Sugar – a sweet compound that adds flavour to most of our desserts and drinks. It serves as the instant energy source. An over consumption of sugars often risk in the following health conditions:
- Block in the blood vessels.
- Heart diseases.
- Gum diseases.
- Tooth decay.
How does a Sugar work?
Sugars when consumed frequently result in imbalance of the hormone responsible and causes the deposition of glucose in other forms in tissues.
While in our mouth, the sugar converts into acids and increases the count of oral bacteria. When the condition frequents it causes loss of tooth surface, gum diseases and tooth decay.
How much sugar should we have?
WHO recommends 5% of sugar consumption as a part of your diet daily i.e. 25 grams. For a person who works out 6 teaspoons of sugar per day while this range is reduced for a light worker.
As most of the developing countries, consider obesity and diabetes as the major health issue affecting the population.
What does the Indian diet have?
Traditional Indian diet has a balance diet with all of the necessary essential nutrients for a person working hard labour. However, a modification to this according to the person can help in achieving a better diet plan.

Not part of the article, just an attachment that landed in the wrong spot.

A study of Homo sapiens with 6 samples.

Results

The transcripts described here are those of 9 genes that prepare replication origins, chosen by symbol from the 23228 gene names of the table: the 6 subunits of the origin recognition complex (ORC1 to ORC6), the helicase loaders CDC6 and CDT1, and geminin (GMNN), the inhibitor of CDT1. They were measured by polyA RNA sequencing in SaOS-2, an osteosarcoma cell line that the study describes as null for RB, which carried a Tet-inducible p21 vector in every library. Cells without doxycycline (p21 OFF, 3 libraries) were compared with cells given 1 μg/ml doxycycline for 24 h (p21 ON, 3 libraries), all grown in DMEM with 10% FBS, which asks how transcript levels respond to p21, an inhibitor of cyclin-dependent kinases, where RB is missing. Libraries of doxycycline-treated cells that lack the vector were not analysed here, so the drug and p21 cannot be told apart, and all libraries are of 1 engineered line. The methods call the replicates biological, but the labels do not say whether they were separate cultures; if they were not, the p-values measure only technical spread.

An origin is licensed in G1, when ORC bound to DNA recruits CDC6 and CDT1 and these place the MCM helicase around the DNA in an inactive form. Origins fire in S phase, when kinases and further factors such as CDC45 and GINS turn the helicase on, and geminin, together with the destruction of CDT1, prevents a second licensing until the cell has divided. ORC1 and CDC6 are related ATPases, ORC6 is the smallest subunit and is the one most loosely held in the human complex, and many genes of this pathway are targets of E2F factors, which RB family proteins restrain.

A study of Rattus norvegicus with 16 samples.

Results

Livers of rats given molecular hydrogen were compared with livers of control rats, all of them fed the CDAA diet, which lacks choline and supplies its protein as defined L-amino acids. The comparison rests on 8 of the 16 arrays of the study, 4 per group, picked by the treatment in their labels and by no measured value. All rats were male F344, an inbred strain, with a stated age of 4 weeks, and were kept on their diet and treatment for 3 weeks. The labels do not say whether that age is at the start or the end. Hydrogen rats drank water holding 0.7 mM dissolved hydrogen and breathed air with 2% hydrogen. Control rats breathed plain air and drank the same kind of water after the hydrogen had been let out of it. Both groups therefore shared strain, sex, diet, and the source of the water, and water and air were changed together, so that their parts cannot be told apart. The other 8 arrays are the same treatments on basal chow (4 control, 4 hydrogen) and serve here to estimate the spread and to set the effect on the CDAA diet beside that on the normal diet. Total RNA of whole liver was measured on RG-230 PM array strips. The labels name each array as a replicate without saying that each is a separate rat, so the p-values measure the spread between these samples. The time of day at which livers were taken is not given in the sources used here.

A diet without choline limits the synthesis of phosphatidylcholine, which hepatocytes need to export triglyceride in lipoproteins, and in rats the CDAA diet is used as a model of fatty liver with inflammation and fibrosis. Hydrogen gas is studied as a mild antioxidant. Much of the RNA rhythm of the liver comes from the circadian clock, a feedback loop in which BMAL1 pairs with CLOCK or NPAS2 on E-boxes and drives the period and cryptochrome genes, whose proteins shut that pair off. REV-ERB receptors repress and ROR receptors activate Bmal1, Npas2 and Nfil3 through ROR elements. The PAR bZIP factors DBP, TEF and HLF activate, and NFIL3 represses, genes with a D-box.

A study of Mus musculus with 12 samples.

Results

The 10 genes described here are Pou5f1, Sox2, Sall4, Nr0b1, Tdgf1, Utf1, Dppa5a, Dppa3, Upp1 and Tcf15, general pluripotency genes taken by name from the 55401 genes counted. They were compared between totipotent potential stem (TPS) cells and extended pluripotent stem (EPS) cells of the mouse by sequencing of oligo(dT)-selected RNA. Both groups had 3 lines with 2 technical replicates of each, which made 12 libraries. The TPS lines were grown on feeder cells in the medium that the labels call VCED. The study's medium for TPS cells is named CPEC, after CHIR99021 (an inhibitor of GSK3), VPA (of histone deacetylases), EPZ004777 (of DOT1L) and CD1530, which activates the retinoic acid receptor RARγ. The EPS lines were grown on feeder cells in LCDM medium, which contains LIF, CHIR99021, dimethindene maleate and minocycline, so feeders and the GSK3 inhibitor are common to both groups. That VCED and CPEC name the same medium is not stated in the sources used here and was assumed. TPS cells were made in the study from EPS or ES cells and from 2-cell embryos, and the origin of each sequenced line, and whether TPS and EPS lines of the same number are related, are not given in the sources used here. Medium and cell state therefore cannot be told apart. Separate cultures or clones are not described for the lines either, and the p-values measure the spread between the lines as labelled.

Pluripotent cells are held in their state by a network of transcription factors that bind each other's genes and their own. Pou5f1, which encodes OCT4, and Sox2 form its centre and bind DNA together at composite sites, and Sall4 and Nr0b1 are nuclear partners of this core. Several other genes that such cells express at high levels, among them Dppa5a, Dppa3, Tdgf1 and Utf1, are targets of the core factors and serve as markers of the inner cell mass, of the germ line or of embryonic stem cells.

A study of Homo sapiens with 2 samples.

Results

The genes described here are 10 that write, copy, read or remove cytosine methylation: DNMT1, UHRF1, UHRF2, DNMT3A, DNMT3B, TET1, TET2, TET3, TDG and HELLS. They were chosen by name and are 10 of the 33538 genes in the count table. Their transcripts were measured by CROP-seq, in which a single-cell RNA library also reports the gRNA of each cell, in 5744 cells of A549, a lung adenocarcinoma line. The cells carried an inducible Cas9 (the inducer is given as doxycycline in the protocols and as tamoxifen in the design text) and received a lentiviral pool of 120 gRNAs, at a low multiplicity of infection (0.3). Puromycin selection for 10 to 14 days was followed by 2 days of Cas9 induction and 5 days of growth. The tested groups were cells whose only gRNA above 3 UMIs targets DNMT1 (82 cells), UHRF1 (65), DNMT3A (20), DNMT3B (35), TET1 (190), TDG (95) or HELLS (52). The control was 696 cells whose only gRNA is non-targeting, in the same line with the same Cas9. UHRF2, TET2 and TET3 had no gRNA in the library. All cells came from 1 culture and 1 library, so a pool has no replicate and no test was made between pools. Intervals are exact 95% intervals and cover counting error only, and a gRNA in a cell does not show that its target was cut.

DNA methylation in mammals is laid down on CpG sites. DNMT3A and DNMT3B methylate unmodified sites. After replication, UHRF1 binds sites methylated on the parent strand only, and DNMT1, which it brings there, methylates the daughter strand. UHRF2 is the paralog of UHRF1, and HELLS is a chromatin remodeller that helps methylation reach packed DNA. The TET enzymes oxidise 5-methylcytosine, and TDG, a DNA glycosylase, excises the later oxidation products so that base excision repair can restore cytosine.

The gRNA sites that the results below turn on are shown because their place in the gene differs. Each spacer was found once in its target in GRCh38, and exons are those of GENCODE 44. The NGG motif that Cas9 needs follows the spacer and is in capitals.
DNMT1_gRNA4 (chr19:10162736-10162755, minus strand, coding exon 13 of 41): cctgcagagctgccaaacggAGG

What Foods should we avoid?
The use of processed foods has increased even among the Indian population. The main reason for increase in the salt, sugar and fat consumption among Indians.
Thus, a count on what we should not consume can helps us reduce the sugar content. Once India consumed 20.5 kg sugar per person in a year, this range has reduced to 18.5kg sugar per person in year.
Foods that can increase your sugar consumption per day:
We have mentioned the average sugar content in the following foods per 100 grams:
- Energy bars (25 gm).
- Chocolate shakes or bars (48 gm).
- Flavoured yoghurt (10-13 gm).
- Sports drinks & milkshakes (18 gm).
- Sodas or carbonated drinks (11gm).
- Sauces (1.3).
- Chips (0.2 gm).
- Sweet cereal (35-45 gm)
- Frequently coffee or tea with sugars (11 gm).
- Rice for all three meals (0.1).
Monitoring your diet can help you avoid consumption of these foods frequently.
How does these food affect our teeth?
Among the food mentioned categorizing the nature of the food can help us identify its risk to our teeth.
Liquids Foods mostly do not cause any harm to our teeth as they do not stay in our mouth for a longer duration. However, solid food with a sticky nature like energy bars, chocolates, chips get stuck on the teeth surface and also in-between two teeth for a long time. Thus, increasing the bacterial activity in the mouth and causing tooth decay.
While cereals which are more popular among kids pose a bigger risk factor to the teeth due to their increased sugar content. Rice has a lower sugar count per 100 grams serving when compared to the rest of the foods.
Precautions to Reduce the Risk to our Teeth:
- Firstly, maintain a balanced diet.
- As Asians rice is our staple food, hence limit the consumption of rice to one meal a day.
- Avoid junk foods and instant servings as they have more sugar content.
- Practice good oral hygiene.
- Finally, reduce the frequent intake of sodas, coffee or tea with sugar, energy drinks, etc.